Monday, March 23, 2009

"Cancion de cuna para dormir a un negrito" by Montsalvatge

Composer:Xavier Montsalvatge (1912-2002)
Cradle Song for a small black child
From Cinco Canciones Negras
Text: Rafael Alberti
Teresa Berganza, soprano; Felix Lavilla, piano
Aix-en-provence festival 18 July 1964


Ninghe, ninghe, ninghe, so tiny,
the little black child that doesn't want to sleep.
Head of coconut, grain of coffee,
with pretty freckles, with eyes wide open
like two windows that overlook the sea.

Close your tiny eyes, frightened little black boy;
the white boogey-man can eat you up.
You're no longer are slave! And if you sleep a lot
the master of the house promises to buy you
a suit with buttons, so you can be a "groom."

Ninghe, ninghe, ninghe, sleep little black child,
head of coconut, grain of coffee.

Translations from
Lied and Art Song Page


  1. I love that this song is a lullaby, but at the same time uses a habanera as its basis. You can really hear the exported Cuban influences; but at the same time, it is subtle and doesn't interfere with the tender song being sung to the child.
    Also, Teresa Berganza is fabulous! I love how expressive, yet gentle, her performance is.

  2. I agree! This is an absolutely lovely lullaby! Berganza's beautiful, liquid voice seems to flow effortlessly. The gentle, yet supportive accompaniment seems to 'imitate' the rocking of the cradle. I was quite intrigued by the surrounding atmosphere; the huge candles and the exotic looking leaves in the back ground. I also loved the sweet ending with Berganza leaning forward into the cradle/piano.

  3. I love Teresa Berganza's movements and gestures. They always seem understated, but with complete expressive power and conviction. I mean this in a more introverted and subtle way. I don't know Montsalvatge's music very well but he presents a very interesting musical conflict early in the piece(around 0.10-0.20) that seems to be resolved later. It sounds like bitonality. Perhaps this is illustrating the conflict of the child not sleeping or something else that could be fearful(boogey-man). Thoughts?

  4. I would agree with Matthew about the illustration of the conflict inherent in that part. It seems to me like a clear illustration of word painting. The singer's expression at that point certainly seems to point to that explanation. That is not necessarily a part of the lullaby but a little dig by whoever was singing the lullaby to get the child to close their eyes.

  5. I continue to really enjoy Berganza's voice! Her sound really embodies the intimacy of the moment of singing a lullaby to a baby, but also truly shows the Cuban influences in the lullaby. Her overall sound is rich, warm, and inviting to listen to. Her hard work truly sounds effortless!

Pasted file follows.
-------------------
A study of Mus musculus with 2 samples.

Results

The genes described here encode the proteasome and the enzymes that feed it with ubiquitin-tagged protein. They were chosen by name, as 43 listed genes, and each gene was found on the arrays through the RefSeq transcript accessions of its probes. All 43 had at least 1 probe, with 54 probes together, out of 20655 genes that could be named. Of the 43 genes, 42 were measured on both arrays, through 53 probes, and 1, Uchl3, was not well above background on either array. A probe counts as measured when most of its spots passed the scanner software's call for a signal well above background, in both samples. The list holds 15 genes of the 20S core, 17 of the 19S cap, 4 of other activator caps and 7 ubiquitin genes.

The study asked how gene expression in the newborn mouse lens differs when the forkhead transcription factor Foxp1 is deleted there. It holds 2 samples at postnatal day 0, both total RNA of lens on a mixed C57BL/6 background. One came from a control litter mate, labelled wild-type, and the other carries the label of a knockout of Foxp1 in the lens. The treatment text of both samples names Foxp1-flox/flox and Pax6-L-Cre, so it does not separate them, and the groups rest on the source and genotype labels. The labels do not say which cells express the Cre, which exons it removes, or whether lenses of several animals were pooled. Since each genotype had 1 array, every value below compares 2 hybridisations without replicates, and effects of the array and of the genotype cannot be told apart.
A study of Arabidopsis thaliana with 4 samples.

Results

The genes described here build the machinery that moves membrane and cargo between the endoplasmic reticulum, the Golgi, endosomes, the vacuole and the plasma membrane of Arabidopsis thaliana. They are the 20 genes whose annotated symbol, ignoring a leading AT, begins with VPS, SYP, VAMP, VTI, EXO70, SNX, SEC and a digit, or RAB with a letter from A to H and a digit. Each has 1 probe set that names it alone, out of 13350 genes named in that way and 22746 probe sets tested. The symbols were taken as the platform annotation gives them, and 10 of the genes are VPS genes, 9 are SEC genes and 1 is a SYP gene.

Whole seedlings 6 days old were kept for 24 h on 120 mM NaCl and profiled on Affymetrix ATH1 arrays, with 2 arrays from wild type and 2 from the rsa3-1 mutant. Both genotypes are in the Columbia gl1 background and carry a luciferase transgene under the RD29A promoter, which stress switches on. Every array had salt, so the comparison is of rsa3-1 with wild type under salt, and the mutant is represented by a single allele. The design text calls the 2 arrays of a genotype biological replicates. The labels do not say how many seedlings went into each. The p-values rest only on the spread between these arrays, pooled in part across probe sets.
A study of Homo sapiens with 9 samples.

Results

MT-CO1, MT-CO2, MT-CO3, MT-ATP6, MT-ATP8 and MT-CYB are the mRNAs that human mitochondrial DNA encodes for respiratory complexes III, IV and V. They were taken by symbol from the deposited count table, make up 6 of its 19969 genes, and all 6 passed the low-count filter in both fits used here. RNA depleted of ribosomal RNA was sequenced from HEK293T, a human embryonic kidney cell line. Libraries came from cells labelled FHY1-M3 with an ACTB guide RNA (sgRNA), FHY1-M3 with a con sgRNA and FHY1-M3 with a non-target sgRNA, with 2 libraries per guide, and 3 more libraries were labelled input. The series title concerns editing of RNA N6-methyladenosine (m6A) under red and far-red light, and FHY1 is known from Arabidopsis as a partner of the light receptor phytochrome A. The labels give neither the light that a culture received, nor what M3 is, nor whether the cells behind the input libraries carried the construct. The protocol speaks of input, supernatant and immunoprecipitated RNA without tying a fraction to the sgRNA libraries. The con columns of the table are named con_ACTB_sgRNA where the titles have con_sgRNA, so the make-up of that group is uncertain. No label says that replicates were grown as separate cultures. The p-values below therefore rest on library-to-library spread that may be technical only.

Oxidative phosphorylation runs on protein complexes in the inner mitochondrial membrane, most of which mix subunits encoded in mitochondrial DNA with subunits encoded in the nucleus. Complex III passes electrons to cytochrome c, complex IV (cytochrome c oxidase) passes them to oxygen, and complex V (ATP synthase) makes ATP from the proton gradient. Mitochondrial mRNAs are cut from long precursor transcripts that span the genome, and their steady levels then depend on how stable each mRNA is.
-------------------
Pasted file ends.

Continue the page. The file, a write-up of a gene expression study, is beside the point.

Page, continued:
6. What a pretty song, and Barganza has such an easy, warm voice. After a few listens, the startling chords at the beginning grew on me, and I was able to develop my own story line to explain why he made have used those chords. As jarring as those first few measures are, I could not imagine the rest piece being as effective without that turmoil at the beginning.

  7. I just found your blog on a google search of the Canciones Negras. I'm performing them on my recital in April, and I'm scouring the internet for alternate translations to the one printed in the score. says that these English translations are copyright. Where did you get yours? Would you be willing to send them to me?

  8. This piece is stunning. The lullaby is intimate and earthy and the dotted rhythms in the bass of the piano part inspire a gentle rocking feeling in a subtle, almost sensual way.


  11. I love the placement of a really calm and tonal melodic line up against a sometimes distressful and dissonant piano. Most of the time the piano rocks gently on dotted rhythms, but occasionally Montsalvatge uses these extreme dissonances that illustrate a sense of unrest; I imagine this is the fear of the child. The dissonance slowly disappears as the lullaby goes on, leaving the listener with the sense of rocking back and forth on the dotted rhythms in the piano.

  12. The fluidity of this piece is present in many of the elements, from the legato vocal line, to the sway of the rhythm, to the slight chromatic shifts in the harmony. No one element seems to stick out in a jarring way for us, which brings out the feeling of lullaby. There is an effortlessness about this particular performance as well which highlights all of the compositional tools that Monsalvatge used in writing this beautiful piece.

  13. Initially, this song gave me the impression that it was influenced by jazz or the sound world of Gershwin. Parts of it also reminded me of Barber (A Monk and his cat) and even some sweet melodic sounds of Poulenc. I appreciate the sweet rocking quality created by the habanera rhythm.

  14. When I first saw the title "Cradle Song", I was expecting a song similar to Falla's "Nana". However, this song sounds more like a slow habanera to me. And the harmonies in the piano part add some jazz elements to the music. I really like Teresa Berganza's warm and expressive tone.

  15. I definitely hear the jazz influence in this piece. The beginning could have been a Bill Evans improvisation, and as it progresses, sounds more like Ahmad Jamal.

  16. I really hear such an interesting combination of elements in this piece. It sounds like a lullaby but with a soft jazz influence. It is really a captivating and comforting piece that lulls me into a state of relaxation.